Sunday, February 21, 2010

Feb 20th - Curried Spinach and Chick Pea Fideu and Kalbi

Curried Spinach Fideu
I first had a dish similar to this in Sevilla as a tapa. It did not have the fideu noodles in it though. My old flatmate E and I were visiting a friend working there for the summer and I think we went back for it a few times. It was awesome and I'll never forget where it was in the shadow of the cathedral. The orders are taken by efficient and experienced servers who wrote your tally on the slate counter in front of you. I adapted this to a paella like dish by adding the fideu noodles which are 1" cut spaghetti noodles which are served in a variety of paellas. You can find italian and german equivalents of these noodles too. I use Korean curry cubes in a pinch but I'll use a high quality curry powder if I have more time.

D and I had been painting for most of the day so we were at a bit of a loss as to what to eat if we were going to hit any Olympic venues. So I offered to make this and he had some Kalbi as well since he had so much in the freezer from Mom he never gets the chance to eat when I'm home.

Curried Spinach and Chick Pea Fideu

300g frozen chopped spinach
1/2 tin of chick peas drained (you can use the whole tin if you want)
150 g fideu noodles (these look like the chopped up spaghetti noodles you might see in instant chicken soup)
50 g curry cubes or 2-3 T curry powder
1/4 onion thinly sliced
3 cloves garlic
1/2 inch ginger minced
1 jalapeno (optional)
3-4 c water, hot to boiling

Defrost the spinach in the microwave for 4 minutes or on the counter for the day.

Add 2 cups boiling water to the curry cubes and set aside to soften. Stir to emulsify.

Heat olive oil in a large skillet or paella pan. Sautee the onion until soft. Add the garlic, ginger and jalapeno. Sautee until you smell the garlic, 2 minutes. Add the spinach. Stir for 5 minutes.

Add the noodles and the curry broth. Add 1 c more water to loosen the rest of the cubes at the bottom. Stir thoroughly and flatten with back of spoon so as many of the noodles are submerged. Reduce heat to bare simmer. Leave for 15-20 minutes. When noodles are mostly done, turn heat off and leave covered for 5 more minutes. Serve hot.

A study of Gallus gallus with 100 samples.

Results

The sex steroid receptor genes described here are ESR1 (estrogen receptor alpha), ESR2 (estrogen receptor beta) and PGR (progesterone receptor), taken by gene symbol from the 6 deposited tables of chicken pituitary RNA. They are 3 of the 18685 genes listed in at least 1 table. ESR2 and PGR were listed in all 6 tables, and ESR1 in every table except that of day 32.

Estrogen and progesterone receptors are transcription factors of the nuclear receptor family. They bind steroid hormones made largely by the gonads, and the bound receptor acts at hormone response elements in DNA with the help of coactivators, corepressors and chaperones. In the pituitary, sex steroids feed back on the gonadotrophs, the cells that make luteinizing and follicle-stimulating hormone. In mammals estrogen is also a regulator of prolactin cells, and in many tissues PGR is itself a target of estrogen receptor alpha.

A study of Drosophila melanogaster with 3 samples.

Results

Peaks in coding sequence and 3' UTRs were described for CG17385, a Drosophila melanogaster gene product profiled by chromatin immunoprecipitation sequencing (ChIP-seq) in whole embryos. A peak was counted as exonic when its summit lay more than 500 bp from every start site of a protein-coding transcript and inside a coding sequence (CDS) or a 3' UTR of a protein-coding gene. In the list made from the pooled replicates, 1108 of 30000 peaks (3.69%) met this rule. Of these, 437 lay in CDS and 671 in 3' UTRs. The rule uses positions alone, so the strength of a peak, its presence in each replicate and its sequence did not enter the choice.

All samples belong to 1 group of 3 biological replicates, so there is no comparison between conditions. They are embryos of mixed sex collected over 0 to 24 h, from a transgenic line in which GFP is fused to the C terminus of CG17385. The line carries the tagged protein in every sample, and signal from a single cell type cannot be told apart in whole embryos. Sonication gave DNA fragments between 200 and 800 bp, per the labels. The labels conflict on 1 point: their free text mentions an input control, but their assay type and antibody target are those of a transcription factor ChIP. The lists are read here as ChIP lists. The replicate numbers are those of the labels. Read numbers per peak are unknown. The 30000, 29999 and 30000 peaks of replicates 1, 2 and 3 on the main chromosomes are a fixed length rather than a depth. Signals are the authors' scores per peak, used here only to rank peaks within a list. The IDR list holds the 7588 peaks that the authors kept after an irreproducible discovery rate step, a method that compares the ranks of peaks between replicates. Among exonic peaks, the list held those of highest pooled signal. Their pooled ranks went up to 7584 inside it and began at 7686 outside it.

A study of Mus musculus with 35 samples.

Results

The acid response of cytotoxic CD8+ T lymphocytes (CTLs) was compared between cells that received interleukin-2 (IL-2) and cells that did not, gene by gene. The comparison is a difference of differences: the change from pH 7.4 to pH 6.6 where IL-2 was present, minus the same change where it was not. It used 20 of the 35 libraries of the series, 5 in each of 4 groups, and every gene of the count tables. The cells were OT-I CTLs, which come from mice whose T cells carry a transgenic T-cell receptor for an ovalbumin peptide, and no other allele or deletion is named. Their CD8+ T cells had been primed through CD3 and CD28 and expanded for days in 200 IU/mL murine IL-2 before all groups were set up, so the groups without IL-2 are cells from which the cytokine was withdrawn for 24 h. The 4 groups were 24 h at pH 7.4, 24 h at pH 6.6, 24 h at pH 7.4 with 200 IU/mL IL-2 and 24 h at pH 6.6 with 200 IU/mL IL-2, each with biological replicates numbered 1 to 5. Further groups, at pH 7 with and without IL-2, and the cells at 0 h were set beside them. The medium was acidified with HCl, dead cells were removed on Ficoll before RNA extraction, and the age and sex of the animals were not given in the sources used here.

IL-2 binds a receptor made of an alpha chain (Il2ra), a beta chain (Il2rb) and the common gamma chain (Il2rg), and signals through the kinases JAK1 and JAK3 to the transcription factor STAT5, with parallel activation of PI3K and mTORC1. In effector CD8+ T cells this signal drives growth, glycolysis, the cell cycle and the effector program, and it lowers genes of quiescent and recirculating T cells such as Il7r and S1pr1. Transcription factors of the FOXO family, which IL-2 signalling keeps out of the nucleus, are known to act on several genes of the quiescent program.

D had Kalbi. As I'd said my mom sent him home with loads of it. I've become well accustomed and stocked with gear for this tradition. It's usually at Christmas which is freezing in Toronto. The bags are in ice bags with freezer backs and frozen solid and travel in cold cargo. We normally don't wait long in Vancouver and we're home in 20 minutes.

Kalbi is KOREAN. Oddly and ironically though it may seem. Many Koreans could barely afford meat during most of my parents childhoods. Rice was a luxury for that matter. That said, we have this worldwide reputation now for being carnivores. Weird. Even weirder since me and my sister V are not. Anyhoo. I love Kalbi or at least I did. I still love the smell. There is nothing that get's me raising my nose searching, than BBQ'd kalbi. My mom's is easily and hands down the best. She's known for it in her circle. Well, she's known for her cooking in general. You'll never have as good in restaurants though you'll have good kalbi if you go to the right places. But homemade Kalbi just can't be faked or mass produced.

Mom has perfected it over the years. I've seen her experiment with pureeing her onions in a blender to save time in the massive batches she used to make as well as encourage the marinade more thoroughly. I've seen her test with honey, sugar, brown sugar, and corn syrup. I've seen her finally concede that MSG was not needed and possibly a bad thing. What she's landed on is the WORLD'S best Kalbi and therefore, something I won't share right now. Firstly, because I forgot to write it down. Secondly, I feel I need to generate more buzz before I give it all away:-P. NO, it's really the first thing.

Kalbi in the Broiler

1 person: 8 ribs or slices, well that's generous but D doesn't have rice with it. When we do, at Mom and Dad's he'll have 5.

Defrost, ideally overnight in the fridge. Otherwise defrost in the microwave on DEFROST for 5-7 minutes.

Have the broiler on high and put the rack on the top most rung. Heat your broiler and drainer pan before you lay the kalbi on. (but don't leave it in there after your first batch or you'll have a smokey problem) 2 minutes on each side, as per D's doneness. Koreans would go for 5 to char and crisp up a bit more.

Serve with rice... or not, D didn't. He also had some marinated gotchu... marinated peppers my mom made as well, for banchan.

Nothing beats the BBQ though. If you have a BBQ filled and gassed up, go for it!